Well dear reader, a lot has happened since the last time the Troubadour staff was putting together this print for you. Many constants have fallen out of my own life, and I’ve lost faith in certain people and policies. Honestly, it is really difficult to write this article right now. However, while I could spend this whole letter spelling out my frustrations, I’d rather spend the space thanking two true constants in my life. So, here we go.
Remember when you guys dropped me off, freshman year? How many times did I call you while you were driving home that day? Mom, every time I talked to you on the phone during your drive, I was bawling, and I was frustrated that you weren’t. I thought you must not miss me. I didn’t know how strong you were being. I didn’t know that you were only not crying when you were on the phone with me. You were strong for me when I couldn’t be so for myself, and you carried me through that transition. Thank you for not letting me give up and for not giving up on me.
Talk about strength. Last year, I watched you walk through your own mother’s last few months with her. I hope I have a son like you. You took such good care of Grandma. You may not have seen it because you were so close to everything, but your love for her moved her indescribably. It moved us all. Dad, thank you for letting me watch you be Christ to Grandma. And then I watched you bury her, your own mother. You didn’t crumble. You just kept going. You took care of everything. And believe me, we all noticed.
Dear Mom and Dad,
When I was in high school, I thought my passionate faith was all because of me. Well, God and me, but I couldn’t see beyond that. Looking back, I was a fool to think my faith had nothing to do with the strong example you guys gave me. Mom, your faith is solid. You once told me that you’ve never gone away from your faith. You wondered if that meant you weren’t as strong in your faith as others.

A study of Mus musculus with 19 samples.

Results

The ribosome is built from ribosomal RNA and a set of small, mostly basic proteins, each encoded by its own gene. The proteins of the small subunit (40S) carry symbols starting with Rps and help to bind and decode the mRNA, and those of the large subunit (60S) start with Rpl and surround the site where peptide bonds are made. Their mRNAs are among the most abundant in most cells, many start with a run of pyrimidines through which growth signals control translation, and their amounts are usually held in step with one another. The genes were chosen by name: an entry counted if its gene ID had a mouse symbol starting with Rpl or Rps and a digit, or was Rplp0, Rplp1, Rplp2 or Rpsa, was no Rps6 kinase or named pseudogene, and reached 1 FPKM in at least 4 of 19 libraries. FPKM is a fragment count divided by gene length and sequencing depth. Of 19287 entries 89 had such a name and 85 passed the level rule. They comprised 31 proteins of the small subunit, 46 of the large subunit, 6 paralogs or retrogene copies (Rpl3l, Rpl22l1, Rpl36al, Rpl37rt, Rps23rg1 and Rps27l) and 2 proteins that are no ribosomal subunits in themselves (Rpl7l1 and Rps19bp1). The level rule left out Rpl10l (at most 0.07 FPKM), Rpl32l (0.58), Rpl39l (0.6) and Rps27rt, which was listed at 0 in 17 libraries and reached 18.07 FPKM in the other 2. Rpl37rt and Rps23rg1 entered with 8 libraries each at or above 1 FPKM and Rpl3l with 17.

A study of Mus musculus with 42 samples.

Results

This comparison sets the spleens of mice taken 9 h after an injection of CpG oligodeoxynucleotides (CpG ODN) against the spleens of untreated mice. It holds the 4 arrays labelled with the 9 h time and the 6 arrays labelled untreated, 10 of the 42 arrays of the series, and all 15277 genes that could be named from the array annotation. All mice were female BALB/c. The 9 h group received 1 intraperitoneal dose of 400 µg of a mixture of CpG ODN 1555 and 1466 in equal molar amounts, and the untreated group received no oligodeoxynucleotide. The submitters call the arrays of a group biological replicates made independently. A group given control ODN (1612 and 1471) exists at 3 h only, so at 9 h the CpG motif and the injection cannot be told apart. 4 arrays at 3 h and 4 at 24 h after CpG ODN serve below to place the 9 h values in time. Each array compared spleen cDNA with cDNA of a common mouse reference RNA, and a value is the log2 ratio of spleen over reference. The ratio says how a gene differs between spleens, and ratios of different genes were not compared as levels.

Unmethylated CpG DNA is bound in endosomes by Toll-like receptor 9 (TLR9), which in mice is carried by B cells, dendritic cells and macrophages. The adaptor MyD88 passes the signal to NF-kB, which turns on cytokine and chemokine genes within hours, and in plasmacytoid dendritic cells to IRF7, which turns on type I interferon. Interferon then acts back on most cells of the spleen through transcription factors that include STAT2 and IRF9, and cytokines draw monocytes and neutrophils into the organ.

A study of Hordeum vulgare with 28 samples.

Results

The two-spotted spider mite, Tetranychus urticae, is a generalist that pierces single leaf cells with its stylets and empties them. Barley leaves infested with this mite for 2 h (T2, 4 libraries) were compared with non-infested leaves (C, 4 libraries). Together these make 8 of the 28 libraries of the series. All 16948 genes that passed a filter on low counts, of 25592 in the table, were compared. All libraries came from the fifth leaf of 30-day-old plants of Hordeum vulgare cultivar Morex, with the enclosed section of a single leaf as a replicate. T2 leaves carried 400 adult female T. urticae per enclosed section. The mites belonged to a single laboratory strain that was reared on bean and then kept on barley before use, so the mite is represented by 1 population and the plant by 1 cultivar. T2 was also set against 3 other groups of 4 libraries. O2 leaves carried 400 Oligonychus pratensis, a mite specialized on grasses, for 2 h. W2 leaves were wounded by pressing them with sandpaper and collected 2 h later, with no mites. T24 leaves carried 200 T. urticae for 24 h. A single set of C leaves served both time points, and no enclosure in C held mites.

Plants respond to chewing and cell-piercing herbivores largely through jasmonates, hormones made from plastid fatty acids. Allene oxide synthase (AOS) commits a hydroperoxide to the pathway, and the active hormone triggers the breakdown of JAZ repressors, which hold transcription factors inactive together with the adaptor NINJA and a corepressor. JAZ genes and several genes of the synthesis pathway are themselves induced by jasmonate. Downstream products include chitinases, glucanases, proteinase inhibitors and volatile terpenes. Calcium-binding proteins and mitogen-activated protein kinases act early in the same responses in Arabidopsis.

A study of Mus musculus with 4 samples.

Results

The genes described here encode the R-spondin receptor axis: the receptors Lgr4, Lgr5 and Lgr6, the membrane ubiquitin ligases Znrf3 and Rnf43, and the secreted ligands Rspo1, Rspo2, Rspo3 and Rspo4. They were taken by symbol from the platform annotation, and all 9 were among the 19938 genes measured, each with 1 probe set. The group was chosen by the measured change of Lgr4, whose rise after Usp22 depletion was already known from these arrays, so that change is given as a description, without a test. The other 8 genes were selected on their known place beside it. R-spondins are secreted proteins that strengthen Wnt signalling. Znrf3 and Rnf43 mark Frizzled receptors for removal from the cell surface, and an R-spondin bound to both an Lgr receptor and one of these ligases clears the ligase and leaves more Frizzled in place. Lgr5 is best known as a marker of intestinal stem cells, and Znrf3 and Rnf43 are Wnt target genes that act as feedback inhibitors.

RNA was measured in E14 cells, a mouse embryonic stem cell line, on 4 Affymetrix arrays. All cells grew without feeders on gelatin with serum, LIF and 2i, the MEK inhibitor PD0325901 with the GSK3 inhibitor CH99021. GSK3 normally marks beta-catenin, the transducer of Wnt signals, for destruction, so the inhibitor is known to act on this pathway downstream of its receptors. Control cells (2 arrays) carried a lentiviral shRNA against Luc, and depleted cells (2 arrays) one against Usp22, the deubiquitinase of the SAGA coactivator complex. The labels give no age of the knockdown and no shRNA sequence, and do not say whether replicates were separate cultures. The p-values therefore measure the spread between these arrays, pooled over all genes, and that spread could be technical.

That’s not the case. Your faith is a gift, and you have not disregarded it. I see how clearly you let it guide your life. A lot of people are Catholic, but you are Catholic in every area of your life, whether it’s in the Church, on the soccer field or even at Moe’s.
Dad, you have a stable, quiet Catholicism. I remember you telling me about RCIA. You said that everyone there wanted to talk about and hear about their big conversion stories but that your story wasn’t about feelings. It was about a good man, being a good husband and going to Mass with his family for their sakes. Eventually that good man realized that he believed everything the Church was saying, and he made the logical choice to become a part of it.
For a while, I didn’t know how important your faith was to me. Now I know that the father’s faith — or lack thereof — is one of the biggest indicators of if a child will stay in the Church or not. I think our family has only grown deeper in faith together as we’ve all gotten older. I don’t want to imagine what our family would be like if not for you.
Dear Mom and Dad,
We’re in this together. I’m so happy to see our family sticking together through our trials. Few people have parents as strong as mine. I know you have other stuff going on in your own lives, yet you’ve put my brother and me first. You know, when it rains, it pours. I don’t know how you two have balanced all of the drama popping up in your lives with the drama popping up in ours.
Dear Mom and Dad,
You have taught me to love until it hurts. You have taught me to keep loving even then. You have taught me to stand up against injustice but to pick my battles. You have taught me to do the right thing even if no one else does. And when it is hard to see what the right thing to do is, you have taught me to just do the next right thing and to go from there. When I was told that my opinion doesn’t matter, you showed me with your love that I do.
When I need anything, big or small, you are one phone call away to walk with me, albeit from 700 miles distance. Mom and Dad, you both have taught me all of this and so much more. I wouldn’t be the woman I am without you.